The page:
Women clergy bring a new sensibility to an old callingDon't you find it a little disturbing that Rabbi Grossman is referred to as Ms. Grossman when quoted, instead of using her title, Rabbi? Do you think a man would have had his title equally changed? Hmm...
Some Christian and Jewish clergywomen with years of experience - and who've reached the challenging and often-elusive post of senior pastor- say they still encounter resistance. They point to frontiers thatremain, but are also encouraged by the strides already made.
"I wanted to be a rabbi long before women could, but I didn't think itwould happen in my lifetime," says Rabbi Susan Grossman, who leads Beth Shalom, a Conservative Jewish congregation in Columbia, Md. "There's been more change in women's role in Judaism in the last 30 years than probably all of Jewish history!" Women of both faiths share the experiences of difficulty in findingjobs, being shunted into smaller, often remote congregations, andreceiving lower pay and fewer benefits than their male counterparts, as shown by studies of both Protestant clergy and Conservative Jewish rabbis.
Partly out of necessity and partly out of inclination, women have extended the boundaries of ministry beyond the congregation to serve as both military and hospital chaplains, educators, and counselors for social service agencies, according to a major 1998 study, "ClergyWomen: An Uphill Calling."Studies also show that clergywomen experience more stress than theirmale counterparts in a demanding occupation. As a result, a number are leaving the pulpit.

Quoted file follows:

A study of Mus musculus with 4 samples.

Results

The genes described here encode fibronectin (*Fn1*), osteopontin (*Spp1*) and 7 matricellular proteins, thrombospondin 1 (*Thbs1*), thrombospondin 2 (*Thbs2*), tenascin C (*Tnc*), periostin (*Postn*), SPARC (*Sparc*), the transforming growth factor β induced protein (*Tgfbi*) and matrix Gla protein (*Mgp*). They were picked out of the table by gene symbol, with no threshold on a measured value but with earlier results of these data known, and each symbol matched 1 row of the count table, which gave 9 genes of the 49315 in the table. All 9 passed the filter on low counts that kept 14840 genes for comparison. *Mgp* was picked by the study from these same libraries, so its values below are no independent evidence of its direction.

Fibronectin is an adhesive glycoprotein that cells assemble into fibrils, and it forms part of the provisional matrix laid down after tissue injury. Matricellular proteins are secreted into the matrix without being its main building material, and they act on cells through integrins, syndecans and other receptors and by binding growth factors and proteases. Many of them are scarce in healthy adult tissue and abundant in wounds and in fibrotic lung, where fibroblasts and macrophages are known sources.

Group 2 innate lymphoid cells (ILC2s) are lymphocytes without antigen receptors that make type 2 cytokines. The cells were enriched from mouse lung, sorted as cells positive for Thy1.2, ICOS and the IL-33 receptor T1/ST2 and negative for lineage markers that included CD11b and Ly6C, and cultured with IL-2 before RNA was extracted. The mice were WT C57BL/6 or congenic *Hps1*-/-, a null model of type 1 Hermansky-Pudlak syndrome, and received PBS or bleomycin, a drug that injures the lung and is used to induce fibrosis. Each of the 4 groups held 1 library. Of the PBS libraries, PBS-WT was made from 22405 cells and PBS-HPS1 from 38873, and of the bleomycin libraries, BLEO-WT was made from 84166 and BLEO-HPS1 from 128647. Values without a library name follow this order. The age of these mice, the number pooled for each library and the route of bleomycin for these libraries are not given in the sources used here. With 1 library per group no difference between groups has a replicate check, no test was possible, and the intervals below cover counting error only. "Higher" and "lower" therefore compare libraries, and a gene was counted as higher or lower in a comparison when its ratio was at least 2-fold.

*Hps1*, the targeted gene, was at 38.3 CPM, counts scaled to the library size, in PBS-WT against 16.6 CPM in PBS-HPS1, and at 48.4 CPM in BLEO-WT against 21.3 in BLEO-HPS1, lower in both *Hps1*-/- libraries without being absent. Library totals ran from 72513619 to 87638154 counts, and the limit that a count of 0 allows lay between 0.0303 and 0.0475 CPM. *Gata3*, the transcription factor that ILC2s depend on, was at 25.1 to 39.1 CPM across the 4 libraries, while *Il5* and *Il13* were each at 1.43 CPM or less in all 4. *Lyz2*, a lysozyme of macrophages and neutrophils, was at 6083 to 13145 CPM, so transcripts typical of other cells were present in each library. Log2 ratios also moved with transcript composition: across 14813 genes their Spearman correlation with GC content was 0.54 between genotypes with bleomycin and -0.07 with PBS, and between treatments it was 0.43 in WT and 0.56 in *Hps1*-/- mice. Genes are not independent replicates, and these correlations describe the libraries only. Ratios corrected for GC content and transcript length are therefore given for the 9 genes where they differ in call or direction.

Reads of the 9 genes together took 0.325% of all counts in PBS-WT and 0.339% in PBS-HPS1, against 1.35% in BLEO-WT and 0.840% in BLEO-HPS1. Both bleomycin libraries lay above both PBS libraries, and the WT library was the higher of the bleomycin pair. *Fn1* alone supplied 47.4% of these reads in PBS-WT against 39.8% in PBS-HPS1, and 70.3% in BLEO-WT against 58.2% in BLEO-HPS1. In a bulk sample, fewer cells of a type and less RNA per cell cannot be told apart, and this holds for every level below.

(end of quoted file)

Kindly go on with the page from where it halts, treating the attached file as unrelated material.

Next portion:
At the same time, clergywomen have been credited with being less interested in hierarchy and more in collegiality. They've brought newperspectives into the theological discussion, a more inclusive style, and opened the doors to worshippers who've felt disengaged from institutional religion.
"My mother often said that if there had been women rabbis when she was young, she wouldn't have been alienated from Judaism," says Ms. Grossman.
Jaqueline Ellenson, director of the Women's Rabbinic Network in the Reform Jewish movement, also points to progress. The more liberal Reform denomination was the first, in 1972, to ordain a woman rabbi -the recently retired Sally Priesand. Now 450 women constitute about aquarter of the 1,800 Reform rabbis.
"The walls are down in terms of attitudes toward women rabbis in themovement - getting jobs is no longer an issue," she says. But otherchallenges remain, particularly bringing about pay and benefit equity.
"And women are not moving up in the congregational hierarchy atthe same speed as men," she says. Only about a dozen women serve assenior rabbis in large congregations.
Yet women are having an impact on "conversations about prayer andspirituality, interpretations of text, and recovering of history," she adds. For instance, the project to produce the soon-to-be published revision of the Reform prayer book was headed by a woman.
The age-old question...If the wife of a rabbi is known as a rebbetzin, what do you call the husband of a rabbi? The usual answer: Lucky!
(But in my house, we call him Rabbi, too!)